Auditor Of Public Accounts
State Auditor Crit Luallen Releases volume two of Statewide Audit of Kentucky
Kentucky Auditor Crit Luallen has released the second volume of the annual statewide audit of the Commonwealth of Kentucky for fiscal year ending June 30, 2007, finding that the state did not comply with federal requirements regarding two programs – the Highway Planning and Construction program and the Highway Safety program.
The audit found inadequate oversight of $24 million in transportation federal funds and $2 million in federal emergency disaster relief funds.
Federal law dictates an audit of the financial statements and compliance with requirements applicable to major federal programs. This year, the Auditor’s Office issued that report in two volumes.
Volume one, released in February, contained financial reporting information based on an audit of the state’s financial statements and contained 75 findings. Volume two of the audit examines the state’s monitoring of major federal programs and found, in most respects, that Kentucky is in compliance with federal guidelines. Both reports can be found at www.auditor.ky.gov
In volume two, auditors note 18 findings, including the two cases of material non-compliance in transportation, that show significant deficiencies in how state government oversees federal funds.
“It’s vital that Kentucky has proper oversight and management of federal programs and funding because of the wide range of counties and citizens affected by them,” Luallen said. “This aspect of our audit focuses entirely on the state’s expenditures of these federal awards and reports on its internal controls and compliance regarding these programs.”
Included in the audit findings are the following items:
- The Kentucky Transportation Cabinet (KYTC) should improve policies and procedures relating to the amount of awards given to and the monitoring of subrecipients of the U.S. Department of Transportation’s Highway Planning and Construction Program.
Auditors were unable to verify the appropriate use of more than $24 million in expenditures because KYTC did not keep proper documentation, such as a complete list of subrecipients who received federal funds from the agency.
Auditors also found a potential for questioned costs because KYTC did not have proper monitoring procedures in place. Because of this, auditors could not conclude that all the disbursements of this federal grant were accurate and valid payments. The Auditor’s Office will submit the report to federal authorities for follow up to determine if the state must repay any of the funds.
According to the audit, KYTC responded: “The cabinet can and will improve the documentation of subrecipient monitoring and oversight which occurs and incorporate procedures which will enhance this oversight.”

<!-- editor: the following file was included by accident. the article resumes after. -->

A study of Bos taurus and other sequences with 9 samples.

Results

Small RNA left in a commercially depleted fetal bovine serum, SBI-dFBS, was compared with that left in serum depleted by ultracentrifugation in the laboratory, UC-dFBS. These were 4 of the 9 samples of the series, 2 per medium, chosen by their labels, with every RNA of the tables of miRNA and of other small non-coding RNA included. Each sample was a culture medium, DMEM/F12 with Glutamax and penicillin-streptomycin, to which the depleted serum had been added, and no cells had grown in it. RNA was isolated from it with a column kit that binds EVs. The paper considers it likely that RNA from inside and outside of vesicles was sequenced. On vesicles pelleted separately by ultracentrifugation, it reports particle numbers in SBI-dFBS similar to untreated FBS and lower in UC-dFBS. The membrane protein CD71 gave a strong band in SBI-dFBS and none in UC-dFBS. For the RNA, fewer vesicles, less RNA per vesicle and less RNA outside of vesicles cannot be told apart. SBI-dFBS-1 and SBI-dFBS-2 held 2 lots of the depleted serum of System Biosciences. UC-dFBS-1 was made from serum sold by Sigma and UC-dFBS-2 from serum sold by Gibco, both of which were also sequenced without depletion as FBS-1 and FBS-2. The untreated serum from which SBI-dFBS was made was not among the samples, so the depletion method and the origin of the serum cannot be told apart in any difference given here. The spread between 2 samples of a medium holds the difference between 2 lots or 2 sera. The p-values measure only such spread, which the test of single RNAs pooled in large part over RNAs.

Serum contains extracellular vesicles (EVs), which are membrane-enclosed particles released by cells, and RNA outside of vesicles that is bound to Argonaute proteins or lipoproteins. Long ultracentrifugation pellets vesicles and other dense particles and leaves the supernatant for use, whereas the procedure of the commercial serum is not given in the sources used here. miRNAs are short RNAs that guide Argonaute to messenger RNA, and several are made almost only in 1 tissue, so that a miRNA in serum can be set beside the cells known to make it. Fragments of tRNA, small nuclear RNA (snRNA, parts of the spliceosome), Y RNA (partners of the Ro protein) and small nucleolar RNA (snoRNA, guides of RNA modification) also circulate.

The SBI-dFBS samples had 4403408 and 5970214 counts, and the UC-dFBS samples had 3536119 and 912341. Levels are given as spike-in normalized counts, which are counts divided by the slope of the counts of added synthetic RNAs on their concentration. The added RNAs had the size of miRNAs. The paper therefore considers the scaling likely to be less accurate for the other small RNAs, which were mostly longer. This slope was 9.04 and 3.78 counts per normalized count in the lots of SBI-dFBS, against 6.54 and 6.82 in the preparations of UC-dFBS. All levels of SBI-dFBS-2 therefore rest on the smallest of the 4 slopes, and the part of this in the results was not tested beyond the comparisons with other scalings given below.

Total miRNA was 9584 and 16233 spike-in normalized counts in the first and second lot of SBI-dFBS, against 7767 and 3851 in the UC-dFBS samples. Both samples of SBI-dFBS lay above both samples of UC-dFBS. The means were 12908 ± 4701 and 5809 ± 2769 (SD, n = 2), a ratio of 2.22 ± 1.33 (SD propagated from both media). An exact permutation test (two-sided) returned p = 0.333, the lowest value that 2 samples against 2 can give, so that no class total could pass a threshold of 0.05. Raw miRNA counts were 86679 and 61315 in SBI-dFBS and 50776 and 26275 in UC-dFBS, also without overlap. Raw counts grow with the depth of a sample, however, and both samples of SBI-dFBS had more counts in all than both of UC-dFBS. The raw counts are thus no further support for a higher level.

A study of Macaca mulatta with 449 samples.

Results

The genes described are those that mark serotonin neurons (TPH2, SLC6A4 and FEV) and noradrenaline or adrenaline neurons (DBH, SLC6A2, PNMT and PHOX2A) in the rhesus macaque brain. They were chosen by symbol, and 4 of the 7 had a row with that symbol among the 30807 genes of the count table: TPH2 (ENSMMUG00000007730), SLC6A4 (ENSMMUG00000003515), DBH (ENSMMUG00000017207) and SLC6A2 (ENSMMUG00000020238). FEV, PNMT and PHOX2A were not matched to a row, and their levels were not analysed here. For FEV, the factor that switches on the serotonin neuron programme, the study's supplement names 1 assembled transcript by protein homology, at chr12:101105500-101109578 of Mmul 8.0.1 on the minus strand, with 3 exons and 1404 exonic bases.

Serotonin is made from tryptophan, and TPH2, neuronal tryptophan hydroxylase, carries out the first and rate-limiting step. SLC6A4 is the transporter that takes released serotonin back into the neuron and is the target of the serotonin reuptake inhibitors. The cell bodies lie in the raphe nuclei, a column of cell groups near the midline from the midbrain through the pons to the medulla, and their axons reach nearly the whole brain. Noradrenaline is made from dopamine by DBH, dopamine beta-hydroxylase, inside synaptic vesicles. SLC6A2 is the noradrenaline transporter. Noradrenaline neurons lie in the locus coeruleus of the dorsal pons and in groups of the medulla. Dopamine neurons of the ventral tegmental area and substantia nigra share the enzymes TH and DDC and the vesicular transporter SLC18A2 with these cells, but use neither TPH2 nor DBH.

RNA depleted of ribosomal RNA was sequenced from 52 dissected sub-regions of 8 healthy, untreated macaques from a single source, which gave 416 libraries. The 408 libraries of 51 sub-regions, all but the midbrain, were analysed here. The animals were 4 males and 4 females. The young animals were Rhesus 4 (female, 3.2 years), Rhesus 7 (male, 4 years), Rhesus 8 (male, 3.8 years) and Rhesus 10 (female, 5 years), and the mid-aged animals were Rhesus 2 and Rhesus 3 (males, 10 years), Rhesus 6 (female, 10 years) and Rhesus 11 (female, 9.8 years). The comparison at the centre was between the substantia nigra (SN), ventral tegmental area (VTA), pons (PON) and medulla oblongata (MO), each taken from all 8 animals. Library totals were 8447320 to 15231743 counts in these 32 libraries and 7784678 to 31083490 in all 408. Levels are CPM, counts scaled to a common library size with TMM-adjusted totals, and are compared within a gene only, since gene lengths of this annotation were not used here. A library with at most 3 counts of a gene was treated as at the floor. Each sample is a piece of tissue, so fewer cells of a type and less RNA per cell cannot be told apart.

- The Kentucky Transportation Cabinet (KYTC) should implement policies and procedures for tracking subrecipients of the Highway Safety program.
Auditors examined oversight of the Highway Safety program under the Kentucky State Police (KSP) and KYTC, since an executive order moved oversight of this federal program from KSP to KYTC on June 15, 2007.
Examination of this program found a lack of proper tracking and follow-up on audit reports required by subrecipients of this program. Auditors did not question costs on this grant because there was enough documentation to identify the subrecipients and the payments made to them.
With KYTC currently administering this federal program, auditors recommend stronger controls in subrecipient monitoring. According to the audit, KYTC responded that it would develop and maintain a tracking system for dispersing highway safety funds.
- The Department of Military Affairs (DMA) should implement procedures to ensure that all subrecipients of Federal Emergency Disaster Relief (FEMA) grants are properly monitored.
The auditor’s office reviewed DMA’s oversight of FEMA grants after state auditors asked the agency to review a recent Leslie County Fiscal Court audit, which reported that the county failed to provide auditors with documentation on more than $2.0 million in FEMA grants for disaster relief from 2004-2007. Federal law requires counties to document grant usage, and DMA is to monitor this requirement.
During the statewide audit, auditors reviewed DMA’s handling of FEMA subrecipients receiving $500,000 or more in funding to ensure the subrecipients obtained a program audit, which federal guidelines require. Of 20 federal grant applicants, six were not asked by DMA to certify whether or not they were required to have an audit of their program.
Based on this information and other audit findings in this area, auditors are recommending DMA closely monitor all subrecipients to ensure they are meeting all federal guidelines. The auditor’s office is also asking DMA to develop a corrective action plan to resolve the FEMA reporting issues in Leslie County.
According to the audit, DMA has established an action plan to properly monitor its oversight of FEMA grants and to correct the issue in Leslie County.
Other audit findings include the Cabinet for Health and Family Services should ensure adoption assistance and foster care case files have supporting documentation required by federal guidelines and the Kentucky Office of Homeland Security should improve internal controls over preparing federal grant reports.
Federal law requires, in part, this annual audit by Luallen’s office of the state’s financial statements and compliance with federal program requirements. This audit, also known as the Statewide Single Audit of Kentucky (SSWAK), is submitted to the federal government. Work began on this annual audit in May 2007. This report is the product of 44 auditors and more than 17,000 hours of work.